China's Five hundred-meter Aperture Spherical radio Telescope (FAST) has started making its first discoveries since being turned on last September.
According to the National Astronomical Observatories of China (NAOC), the largest single-dish radio telescope in the world has picked up two rapidly rotating stars, known as pulsars.
These objects can act like 'cosmic clocks' when they spin at a steady rate, and can even give us clues to phenomena such as gravitational waves.
Pulsars are the remains of long-dead stars, the cores of supergiants left over from the explosions that consumed them. They're small, dense, and spin very quickly.
A typical pulsar can make several rotations in a single second.
Pulsars also have very powerful magnetic fields. Whilst rotating, these trigger the emission of radio waves which are broadcast out across the universe and can occasionally be picked up here on Earth.
Being the largest radio telescope in existence, China's Five hundred-meter Aperture Spherical radio Telescope is capable of picking these signals up from further away than anything else on Earth.
"Being bigger means it collects more light," Michael Nolan, of the Lunar and Planetary Laboratory at the University of Arizona in Tucson, told the New Scientist. "So if you're looking at a faint signal, it'll be brighter in the bigger telescope."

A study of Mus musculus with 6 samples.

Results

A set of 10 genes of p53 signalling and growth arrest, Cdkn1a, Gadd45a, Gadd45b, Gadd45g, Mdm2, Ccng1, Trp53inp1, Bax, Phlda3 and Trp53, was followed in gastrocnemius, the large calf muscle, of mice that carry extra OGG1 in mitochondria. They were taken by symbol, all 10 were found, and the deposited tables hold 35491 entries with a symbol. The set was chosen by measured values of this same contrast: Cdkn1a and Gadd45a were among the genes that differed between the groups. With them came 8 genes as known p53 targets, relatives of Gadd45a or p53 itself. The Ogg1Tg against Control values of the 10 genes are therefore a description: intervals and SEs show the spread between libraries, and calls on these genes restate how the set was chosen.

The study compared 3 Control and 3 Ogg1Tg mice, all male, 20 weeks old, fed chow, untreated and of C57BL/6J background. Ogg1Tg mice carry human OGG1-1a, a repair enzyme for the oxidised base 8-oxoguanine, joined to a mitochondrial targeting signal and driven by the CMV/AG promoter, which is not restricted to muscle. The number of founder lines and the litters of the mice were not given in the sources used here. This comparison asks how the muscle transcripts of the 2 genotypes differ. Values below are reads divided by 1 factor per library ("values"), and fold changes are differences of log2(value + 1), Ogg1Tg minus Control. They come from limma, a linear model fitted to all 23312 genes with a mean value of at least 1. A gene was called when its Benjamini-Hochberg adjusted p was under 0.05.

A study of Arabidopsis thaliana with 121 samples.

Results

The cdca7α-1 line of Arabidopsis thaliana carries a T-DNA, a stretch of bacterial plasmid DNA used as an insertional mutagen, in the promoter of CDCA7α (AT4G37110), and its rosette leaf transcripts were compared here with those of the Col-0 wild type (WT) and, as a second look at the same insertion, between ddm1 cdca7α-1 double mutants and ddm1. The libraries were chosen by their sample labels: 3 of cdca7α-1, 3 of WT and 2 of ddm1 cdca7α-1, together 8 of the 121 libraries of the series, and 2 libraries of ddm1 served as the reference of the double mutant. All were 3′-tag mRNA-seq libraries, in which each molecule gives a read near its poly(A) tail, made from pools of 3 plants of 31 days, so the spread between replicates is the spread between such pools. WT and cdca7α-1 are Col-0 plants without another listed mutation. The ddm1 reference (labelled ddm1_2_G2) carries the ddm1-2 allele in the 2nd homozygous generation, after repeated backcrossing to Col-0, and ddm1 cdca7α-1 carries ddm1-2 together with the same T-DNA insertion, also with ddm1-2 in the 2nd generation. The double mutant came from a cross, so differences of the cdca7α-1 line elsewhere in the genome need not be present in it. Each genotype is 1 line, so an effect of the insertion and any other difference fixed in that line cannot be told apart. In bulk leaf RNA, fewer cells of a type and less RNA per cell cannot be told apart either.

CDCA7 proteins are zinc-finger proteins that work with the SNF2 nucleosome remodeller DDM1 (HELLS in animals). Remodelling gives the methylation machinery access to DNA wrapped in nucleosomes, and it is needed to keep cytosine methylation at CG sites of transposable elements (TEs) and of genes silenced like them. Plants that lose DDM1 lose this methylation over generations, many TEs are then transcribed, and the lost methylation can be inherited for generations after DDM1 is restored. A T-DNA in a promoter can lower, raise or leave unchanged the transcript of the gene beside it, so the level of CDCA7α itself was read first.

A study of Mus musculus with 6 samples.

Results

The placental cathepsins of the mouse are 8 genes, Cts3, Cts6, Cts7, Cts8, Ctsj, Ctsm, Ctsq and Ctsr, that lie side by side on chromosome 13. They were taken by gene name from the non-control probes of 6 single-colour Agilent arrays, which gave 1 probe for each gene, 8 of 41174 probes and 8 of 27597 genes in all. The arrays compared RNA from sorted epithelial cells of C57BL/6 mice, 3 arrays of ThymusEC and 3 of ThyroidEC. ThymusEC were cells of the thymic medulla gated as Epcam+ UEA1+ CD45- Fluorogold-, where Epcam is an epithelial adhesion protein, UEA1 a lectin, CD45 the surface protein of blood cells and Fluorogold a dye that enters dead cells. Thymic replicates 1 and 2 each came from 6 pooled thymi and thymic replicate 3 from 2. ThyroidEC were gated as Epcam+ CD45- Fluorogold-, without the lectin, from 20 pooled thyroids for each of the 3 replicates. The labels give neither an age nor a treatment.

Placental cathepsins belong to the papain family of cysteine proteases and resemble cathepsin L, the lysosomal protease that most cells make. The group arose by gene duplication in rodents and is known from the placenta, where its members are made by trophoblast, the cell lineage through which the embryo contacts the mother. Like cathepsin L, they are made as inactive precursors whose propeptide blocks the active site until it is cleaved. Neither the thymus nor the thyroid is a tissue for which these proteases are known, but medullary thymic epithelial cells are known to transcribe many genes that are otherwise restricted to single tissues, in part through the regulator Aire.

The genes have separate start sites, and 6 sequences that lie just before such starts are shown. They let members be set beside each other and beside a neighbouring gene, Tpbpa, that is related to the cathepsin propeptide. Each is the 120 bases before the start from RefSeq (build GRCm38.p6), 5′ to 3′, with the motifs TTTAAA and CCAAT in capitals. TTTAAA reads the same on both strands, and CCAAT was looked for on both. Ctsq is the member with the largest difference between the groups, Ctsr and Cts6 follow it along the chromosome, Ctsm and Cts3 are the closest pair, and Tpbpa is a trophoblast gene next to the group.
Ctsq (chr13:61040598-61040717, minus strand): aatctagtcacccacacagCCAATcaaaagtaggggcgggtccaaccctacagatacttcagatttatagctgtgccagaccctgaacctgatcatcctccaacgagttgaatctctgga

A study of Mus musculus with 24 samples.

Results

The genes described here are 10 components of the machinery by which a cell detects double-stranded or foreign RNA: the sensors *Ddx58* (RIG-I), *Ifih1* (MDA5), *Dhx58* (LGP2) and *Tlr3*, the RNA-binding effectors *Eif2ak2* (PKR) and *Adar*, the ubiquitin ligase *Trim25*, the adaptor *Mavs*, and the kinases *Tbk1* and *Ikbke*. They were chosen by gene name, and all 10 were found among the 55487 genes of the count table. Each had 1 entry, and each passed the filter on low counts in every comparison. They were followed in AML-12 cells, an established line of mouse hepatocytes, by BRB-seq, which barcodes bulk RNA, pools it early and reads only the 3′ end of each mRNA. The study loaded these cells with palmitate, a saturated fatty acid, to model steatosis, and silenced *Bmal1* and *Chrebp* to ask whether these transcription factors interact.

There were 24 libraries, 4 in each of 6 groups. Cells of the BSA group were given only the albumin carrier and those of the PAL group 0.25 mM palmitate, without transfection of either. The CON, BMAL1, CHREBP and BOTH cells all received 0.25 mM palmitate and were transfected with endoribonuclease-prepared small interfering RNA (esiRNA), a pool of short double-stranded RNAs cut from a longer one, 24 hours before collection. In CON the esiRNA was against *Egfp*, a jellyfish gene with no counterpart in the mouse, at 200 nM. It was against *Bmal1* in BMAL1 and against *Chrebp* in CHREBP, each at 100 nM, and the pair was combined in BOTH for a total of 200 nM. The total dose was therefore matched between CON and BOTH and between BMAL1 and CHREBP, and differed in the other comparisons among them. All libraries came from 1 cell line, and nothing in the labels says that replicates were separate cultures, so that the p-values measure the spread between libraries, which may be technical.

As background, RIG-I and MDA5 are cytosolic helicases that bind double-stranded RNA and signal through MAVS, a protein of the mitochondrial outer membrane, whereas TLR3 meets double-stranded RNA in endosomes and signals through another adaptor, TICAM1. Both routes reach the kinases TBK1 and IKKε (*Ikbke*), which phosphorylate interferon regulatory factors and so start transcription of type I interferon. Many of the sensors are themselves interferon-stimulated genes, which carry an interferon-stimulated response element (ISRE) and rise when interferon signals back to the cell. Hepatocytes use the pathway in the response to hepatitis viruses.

One of the pulsars the telescope found is located more than 16,000 lightyears away.
"It is truly encouraging to have achieved such results within just one year," Peng Bo, deputy director of FAST, told China Daily.
The discovery may not seem too significant, but it really is.
Scientists can study the radio waves emitted by the pulsars to get an idea of what they passed through before arriving here.
This can help them to fill in the empty spaces and to build a more detailed map of the universe around us.
"FAST is going to become central in developing a new map of our universe that is going to be used for all sorts of science. It will probably be many decades before a better map is created," said Marko Krco, a visiting U.S. astronomer at the NAOC.
As well as mapping out the universe, FAST is also being used as a tool in the search for extra-terrestrial life.
It is situated in a remote, mountainous area of Guizhou Province in south-western China, which will help protect it from radio-wave interference, from signals sent by things like cell phones and Wi-Fi.